There are two ways to identify a key:
- Look at the key signature.
- Analyze the chords of the song.
If you happen to be playing from music written in standard notation, such as a songbook or hymnal, the easiest way to identify the key is to look at the key signature—the number of sharps or flats written at the beginning of the staff between the clef symbol and the time signature.
Identifying a major key from the key signature is actually easy:
- Look for sharps or flats in the key signature.
- If there are no sharps or flats, the key is C. If there is one flat (B flat), the key is F.
- If there is at least one sharp or more than one flat, observe the position of the last sharp or flat. In the example above, the sharp symbol is marking an F sharp.
- If the last note is sharp, count one half-step up to find the key. In the example above, one half-step up from F sharp is G. Therefore, the key is G major.
- If there is more than one flat, the second to last identifies the key. In the example below, the second-to-last note in the key signature is D flat. Therefore, the key is D flat major.
But what if the song is in a minor key? The answer is still simple:
- Identify what the key would be if it were major. For example, if you see a key signature with no sharps or flats, the key is C.
- Count backwards three half-steps to find the name of the minor key. For example, three half-steps down from C is the note A. Therefore, a minor key with no sharps or flats in the key signature is A minor.
If you are playing music by ear or from a piece of tablature, finding the key is even easier. Find out what chord ends the song. The name of the ending chord is almost always the name of the key. If a song ends on a G chord, the key is G major. If a song ends on an A minor chord, the key is A minor.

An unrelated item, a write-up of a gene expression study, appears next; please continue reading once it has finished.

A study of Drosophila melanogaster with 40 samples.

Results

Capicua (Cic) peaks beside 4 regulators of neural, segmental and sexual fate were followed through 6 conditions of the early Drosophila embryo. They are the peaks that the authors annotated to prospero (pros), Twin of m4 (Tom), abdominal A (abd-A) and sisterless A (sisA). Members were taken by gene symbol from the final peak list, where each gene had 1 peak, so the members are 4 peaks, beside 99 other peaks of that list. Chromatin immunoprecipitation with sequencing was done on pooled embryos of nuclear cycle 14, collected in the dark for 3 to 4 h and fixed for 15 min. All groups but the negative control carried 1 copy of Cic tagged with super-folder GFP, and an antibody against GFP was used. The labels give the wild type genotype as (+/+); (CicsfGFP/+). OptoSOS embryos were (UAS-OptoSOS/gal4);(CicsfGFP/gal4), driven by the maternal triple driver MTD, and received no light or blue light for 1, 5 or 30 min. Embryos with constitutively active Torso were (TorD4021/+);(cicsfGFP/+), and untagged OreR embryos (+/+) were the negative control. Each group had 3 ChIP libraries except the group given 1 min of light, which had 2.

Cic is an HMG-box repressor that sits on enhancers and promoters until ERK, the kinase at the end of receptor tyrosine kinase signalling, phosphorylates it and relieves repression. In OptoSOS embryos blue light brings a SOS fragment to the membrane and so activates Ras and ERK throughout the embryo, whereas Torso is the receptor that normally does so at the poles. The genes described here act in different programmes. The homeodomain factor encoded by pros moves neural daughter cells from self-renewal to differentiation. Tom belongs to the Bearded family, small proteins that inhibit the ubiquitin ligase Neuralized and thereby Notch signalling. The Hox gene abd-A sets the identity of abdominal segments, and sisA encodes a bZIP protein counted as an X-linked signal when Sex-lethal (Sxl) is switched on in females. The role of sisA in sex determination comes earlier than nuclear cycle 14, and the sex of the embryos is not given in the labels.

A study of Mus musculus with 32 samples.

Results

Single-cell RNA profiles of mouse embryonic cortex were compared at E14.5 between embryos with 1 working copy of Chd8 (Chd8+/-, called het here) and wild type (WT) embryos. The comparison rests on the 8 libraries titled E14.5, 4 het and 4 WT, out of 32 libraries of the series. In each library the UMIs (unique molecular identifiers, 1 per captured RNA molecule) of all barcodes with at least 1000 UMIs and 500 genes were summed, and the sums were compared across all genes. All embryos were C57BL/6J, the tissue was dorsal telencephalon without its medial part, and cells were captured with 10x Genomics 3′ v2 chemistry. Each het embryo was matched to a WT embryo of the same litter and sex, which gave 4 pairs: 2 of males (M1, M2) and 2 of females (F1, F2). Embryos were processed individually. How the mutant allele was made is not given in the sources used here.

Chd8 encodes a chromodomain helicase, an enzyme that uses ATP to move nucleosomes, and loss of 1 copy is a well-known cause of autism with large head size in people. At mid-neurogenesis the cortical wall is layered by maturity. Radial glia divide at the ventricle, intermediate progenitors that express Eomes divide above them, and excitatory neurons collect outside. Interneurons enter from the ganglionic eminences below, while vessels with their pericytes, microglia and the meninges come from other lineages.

Different instruments lend themselves well to different keys. Songs in the keys of C and G are generally very easy to play on guitar, while fiddlers typically prefer songs in the keys of A and D. For an extra twist, a harmonica is tuned to one key only, so a harmonica player must have a new instrument for every major key!
In a group setting, instrumentalists must compromise with each other and with the vocalists, who probably have certain keys they are most comfortable with. For this reason, it is best to become comfortable with the scales and chords of many different keys. Making scale and chord studies a regular part of your practice session will pay off, both when you are playing with others and when you just feel like doing something a little different in your arrangements.
Also, depending on what instrument you play, you will definitely want to invest in a capo. This device makes switching keys simple. If you are used to playing a guitar in the key of C, for instance, you can easily play the same song with the same fingering in the key of D by just putting a capo at the second fret (D is two half-steps up from C).